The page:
Tuesday, August 13, 2019
When I heard the news of the ICE raids in my home state of Mississippi, it horrified me, but I can't say I was surprised. I come from Mississippi, where the struggle for unity and racial harmony has always been particularly tough and violent. For years, blacks in the state have struggled to be as equal as whites.
After every other state in the union has done the right thing and removed the Confederate symbol from their flags, Mississippi stands alone, steeped in injustice and fear. I need you to understand that I come from there. I know the history of my home state. This is the state that is the last stronghold of overt racism and hatred towards African Americans.
Mississippi is where Emmett Till, a 14-year-old boy, was kidnapped and murdered—his killers known but allowed to walk free. This is the state where police arrested nine students at Tougaloo College, all on a quest to reach their academic goals in their effort to live the American dream. Their crime? Reading in a "whites only" public library. The entirety of the University of Mississippi erupted in outrage because of the Supreme Court's decision to allow a black man, James Meredith, to attend the school. The riot was so terrible that the National Guard had to mobilize for Meredith's protection.
Now in 2019, this is the state where 680 undocumented workers were arrested in one of the biggest immigration sweeps in America history. These workers were at their jobs trying to make an honest living for their families, and many had just dropped off their kids to school for the first day after summer vacation in Mississippi. I am not surprised that Mississippi is yet again obtaining a horrible record of discrimination. The arrests were a result of the administrative investigation with the state leadership, the Department of Homeland Security and federal officers.
"Through the hard work of these men and women, we are once again becoming a nation of laws," U.S. Attorney for the Southern District of Mississippi Mike Hurst said as he announced the arrests.
Tate Reeves, who is currently the lieutenant governor and candidate for governor of Mississippi, said in a tweet just after the raid: "Glad to see that ICE is working hard to enforce our immigration laws. 680 aliens detained in Mississippi. We must enforce our laws, for the safety of all Americans. Well done and praise the US Attorney and the current administration."
We are at a pivotal moment in American history that will define our state and define us as Mississippians, as well as a country. This is the moment for us all to make the right choice. What will we do? Will we continue to follow the path laid out in our dark history, or will we stand up for what we know is right? Mississippi has made leaps and bounds as our country has wrestled with its conscience and struggled with the horrors of the past. The entire country has a history that is thick with terrible racism and division, but Americans have always strived to correct our country's wrongs.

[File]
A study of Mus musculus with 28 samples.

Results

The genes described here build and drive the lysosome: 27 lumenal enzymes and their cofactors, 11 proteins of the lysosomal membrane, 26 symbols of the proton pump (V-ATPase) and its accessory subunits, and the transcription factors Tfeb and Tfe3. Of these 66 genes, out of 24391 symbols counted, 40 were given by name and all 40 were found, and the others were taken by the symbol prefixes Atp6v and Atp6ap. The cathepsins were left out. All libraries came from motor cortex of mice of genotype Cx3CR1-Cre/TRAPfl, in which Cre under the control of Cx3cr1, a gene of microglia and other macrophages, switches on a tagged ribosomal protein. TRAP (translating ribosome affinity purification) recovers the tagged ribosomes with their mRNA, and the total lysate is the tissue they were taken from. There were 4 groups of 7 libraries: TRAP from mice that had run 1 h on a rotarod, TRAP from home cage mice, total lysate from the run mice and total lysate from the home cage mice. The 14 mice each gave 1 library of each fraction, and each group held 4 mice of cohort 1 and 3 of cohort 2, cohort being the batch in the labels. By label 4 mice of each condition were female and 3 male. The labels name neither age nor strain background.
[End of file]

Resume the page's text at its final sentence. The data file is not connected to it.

This is why immigrant families should not be separated and treated less than human. This raid was neither noble nor righteous. It represents nothing but division, hatred, bigotry and intolerance. We can no longer lift up and praise these acts of hate and division in our country. The world is watching us to see if we will hold ourselves to the same standards of equality that we preach to other nations. Let's not perpetuate division by taking stands that continue to divide us. Our elected officials should work to unify us on the things that we have in common, not try to divide us. It is time for lawmakers to act now and create a commonsense immigration reform that will ensure families are protected and there is a pathway to citizenship. We are a country of immigration.
The images of these immigrant families being divided have now allowed the spotlight to be on Mississippi once again in a very dark and unpleasant way. Mississippi, you have an opportunity here to be an example for the entire country. On Nov. 5, 2019, the state has an opportunity to vote their values and elect politicians who will unify the state and not divide it.
I come from Mississippi, and yes, this state has a terrible history of racism and division. But we have such a rich future ahead of us. Let's collectively call on lawmakers on the local, state and federal levels to show the world how great this state can be and pass a commonsense immigration reform bill—immediately.
Duvalier Malone is the author of "Those Who Give A Damn: A Manual for Making a Difference," and a motivational speaker, community activist and chief executive officer of Duvalier Malone Enterprises, a global consulting firm. He lives in Washington, D.C.
This column does not necessarily reflect the opinions of the Jackson Free Press.